France reassured Mali Friday that French troops would not be withdrawn “overnight” while proposing to keep a permanent force of 1,000 French troops stationed in Mali to fight against Islamist insurgency.

French Foreign Minister Laurent Fabius, on a visit to Malian capital Bamako, said France would go ahead with plans to withdraw its troops from the end of April, but proposed to keep a combat force in Mali to support a future U.N. peacekeeping mission, Reuters news agency reported.

France deployed troops in Mali Jan. 11 this year to contain the expansion of Al-Qaeda-linked fighters who had established strongholds in northern Mali since April 2012 and had been posing a threat to Bamako, the capital.

France now has more than 4,000 troops on the ground in the country, including 1,200 deployed in the northeast, carrying out clean-up operations after a reportedly successful crackdown on the Islamist rebels.

U.N. Secretary-General Ban Ki-moon called last week for the deployment of a U.N. mission of up to 11,200 troops and 1,440 police in Mali once France starts pulling out the majority of its troops.

France expects the Security Council to pass a resolution in April approving the deployment of a peacekeeping force, which is expected to be in place by July.

The majority of it would come from a West African force, known as the African-led International Support Mission to Mali (AFISMA). The African force in Mali currently numbers about 6,300 soldiers.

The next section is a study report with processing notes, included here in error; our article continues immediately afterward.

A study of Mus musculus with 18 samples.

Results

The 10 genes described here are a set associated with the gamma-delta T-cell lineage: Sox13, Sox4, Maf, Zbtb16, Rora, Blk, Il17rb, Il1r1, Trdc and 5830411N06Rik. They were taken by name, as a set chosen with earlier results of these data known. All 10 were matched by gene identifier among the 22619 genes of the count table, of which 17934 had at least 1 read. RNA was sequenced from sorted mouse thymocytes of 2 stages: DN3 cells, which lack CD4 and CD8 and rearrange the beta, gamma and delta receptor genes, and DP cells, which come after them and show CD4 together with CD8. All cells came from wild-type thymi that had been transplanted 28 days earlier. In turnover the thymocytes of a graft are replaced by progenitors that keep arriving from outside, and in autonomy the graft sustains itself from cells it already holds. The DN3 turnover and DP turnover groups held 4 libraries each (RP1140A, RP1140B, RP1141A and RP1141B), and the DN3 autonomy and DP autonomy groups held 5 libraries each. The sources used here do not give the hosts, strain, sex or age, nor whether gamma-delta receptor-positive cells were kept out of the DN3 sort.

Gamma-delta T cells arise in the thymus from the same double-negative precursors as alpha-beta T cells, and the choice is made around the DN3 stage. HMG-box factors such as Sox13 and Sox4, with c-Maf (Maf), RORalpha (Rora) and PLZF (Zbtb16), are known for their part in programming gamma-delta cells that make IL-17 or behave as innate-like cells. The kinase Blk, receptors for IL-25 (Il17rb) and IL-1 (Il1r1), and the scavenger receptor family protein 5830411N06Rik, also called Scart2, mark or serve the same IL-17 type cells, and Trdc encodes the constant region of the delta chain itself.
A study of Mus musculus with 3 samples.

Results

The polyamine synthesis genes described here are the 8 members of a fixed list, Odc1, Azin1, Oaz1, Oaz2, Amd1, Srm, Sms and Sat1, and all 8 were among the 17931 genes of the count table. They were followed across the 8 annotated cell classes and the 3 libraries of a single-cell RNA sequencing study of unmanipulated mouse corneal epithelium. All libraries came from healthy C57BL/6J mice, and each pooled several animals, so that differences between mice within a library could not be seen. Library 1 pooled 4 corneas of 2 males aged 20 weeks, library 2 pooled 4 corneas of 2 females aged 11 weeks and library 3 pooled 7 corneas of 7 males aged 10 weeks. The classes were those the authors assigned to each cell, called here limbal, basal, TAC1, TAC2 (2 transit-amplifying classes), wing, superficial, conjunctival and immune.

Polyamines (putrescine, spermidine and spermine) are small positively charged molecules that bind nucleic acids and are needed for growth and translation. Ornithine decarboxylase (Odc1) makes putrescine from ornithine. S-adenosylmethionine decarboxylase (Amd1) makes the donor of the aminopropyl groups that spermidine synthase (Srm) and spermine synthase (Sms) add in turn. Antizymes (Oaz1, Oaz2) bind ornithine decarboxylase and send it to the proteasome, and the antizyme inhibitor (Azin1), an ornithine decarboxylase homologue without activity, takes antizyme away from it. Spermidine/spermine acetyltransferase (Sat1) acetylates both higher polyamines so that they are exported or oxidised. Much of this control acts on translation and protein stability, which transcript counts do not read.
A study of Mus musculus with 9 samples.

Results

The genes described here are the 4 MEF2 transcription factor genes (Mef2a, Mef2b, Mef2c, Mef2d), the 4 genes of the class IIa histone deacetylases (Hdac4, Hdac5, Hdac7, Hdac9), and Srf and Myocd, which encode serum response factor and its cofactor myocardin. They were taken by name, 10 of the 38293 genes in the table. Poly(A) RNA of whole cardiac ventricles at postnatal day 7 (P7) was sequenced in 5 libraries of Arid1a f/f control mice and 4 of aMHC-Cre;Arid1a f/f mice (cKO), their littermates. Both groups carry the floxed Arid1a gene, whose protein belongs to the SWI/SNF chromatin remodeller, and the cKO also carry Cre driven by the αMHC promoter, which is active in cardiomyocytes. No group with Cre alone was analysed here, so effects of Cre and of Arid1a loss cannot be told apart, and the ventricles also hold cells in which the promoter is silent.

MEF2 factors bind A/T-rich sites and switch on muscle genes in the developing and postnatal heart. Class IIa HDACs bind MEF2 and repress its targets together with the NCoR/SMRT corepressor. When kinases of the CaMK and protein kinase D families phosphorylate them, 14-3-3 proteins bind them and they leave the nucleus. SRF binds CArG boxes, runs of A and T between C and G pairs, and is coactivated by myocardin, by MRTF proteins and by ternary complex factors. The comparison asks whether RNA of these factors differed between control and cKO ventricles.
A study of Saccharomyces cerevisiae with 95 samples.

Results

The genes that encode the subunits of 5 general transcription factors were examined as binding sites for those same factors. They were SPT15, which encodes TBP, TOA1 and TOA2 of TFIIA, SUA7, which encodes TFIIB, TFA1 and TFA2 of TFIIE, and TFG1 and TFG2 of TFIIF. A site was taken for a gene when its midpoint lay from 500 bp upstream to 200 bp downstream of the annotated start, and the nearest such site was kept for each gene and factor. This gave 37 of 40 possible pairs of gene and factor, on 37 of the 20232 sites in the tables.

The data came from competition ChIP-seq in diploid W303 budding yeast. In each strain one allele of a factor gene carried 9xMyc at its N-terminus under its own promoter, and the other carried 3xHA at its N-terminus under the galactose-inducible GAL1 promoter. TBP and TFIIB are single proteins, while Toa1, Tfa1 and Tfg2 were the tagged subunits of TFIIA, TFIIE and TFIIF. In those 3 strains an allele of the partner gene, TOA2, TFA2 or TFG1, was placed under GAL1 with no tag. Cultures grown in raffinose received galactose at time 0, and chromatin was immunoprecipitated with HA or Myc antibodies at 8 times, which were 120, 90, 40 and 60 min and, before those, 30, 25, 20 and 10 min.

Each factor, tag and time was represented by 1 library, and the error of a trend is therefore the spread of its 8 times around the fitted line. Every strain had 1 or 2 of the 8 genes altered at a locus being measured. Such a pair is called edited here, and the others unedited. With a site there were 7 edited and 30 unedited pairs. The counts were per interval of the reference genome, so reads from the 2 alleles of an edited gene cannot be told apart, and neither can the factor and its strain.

"France has proposed, to the United Nations and to the Malian government, a French support force of 1,000 men which would be permanent, based in Mali, and equipped to fight terrorism," Reuters quoted Fabius as saying at a news conference in Bamako.

He urged the Malian government to begin a reconciliation process, while calling for elections this summer, adding that it was possible to have a legally elected president by July.

"There's a unanimous desire for the elections to happen as planned and the date agreed was for July,” Fabius was quoted as saying by the BBC.

"It has always been understood that there should be presidential followed by parliamentary elections, and that has been set for July,” he said.

An EU mission began training Malian soldiers as part of efforts to better equip the country to counter the insurgency.

The first of four Malian battalions are training under European instructors at the Koulikoro base some 60km (37 miles) from the capital. The first fully trained battalion is expected to be operational in July, according to the BBC.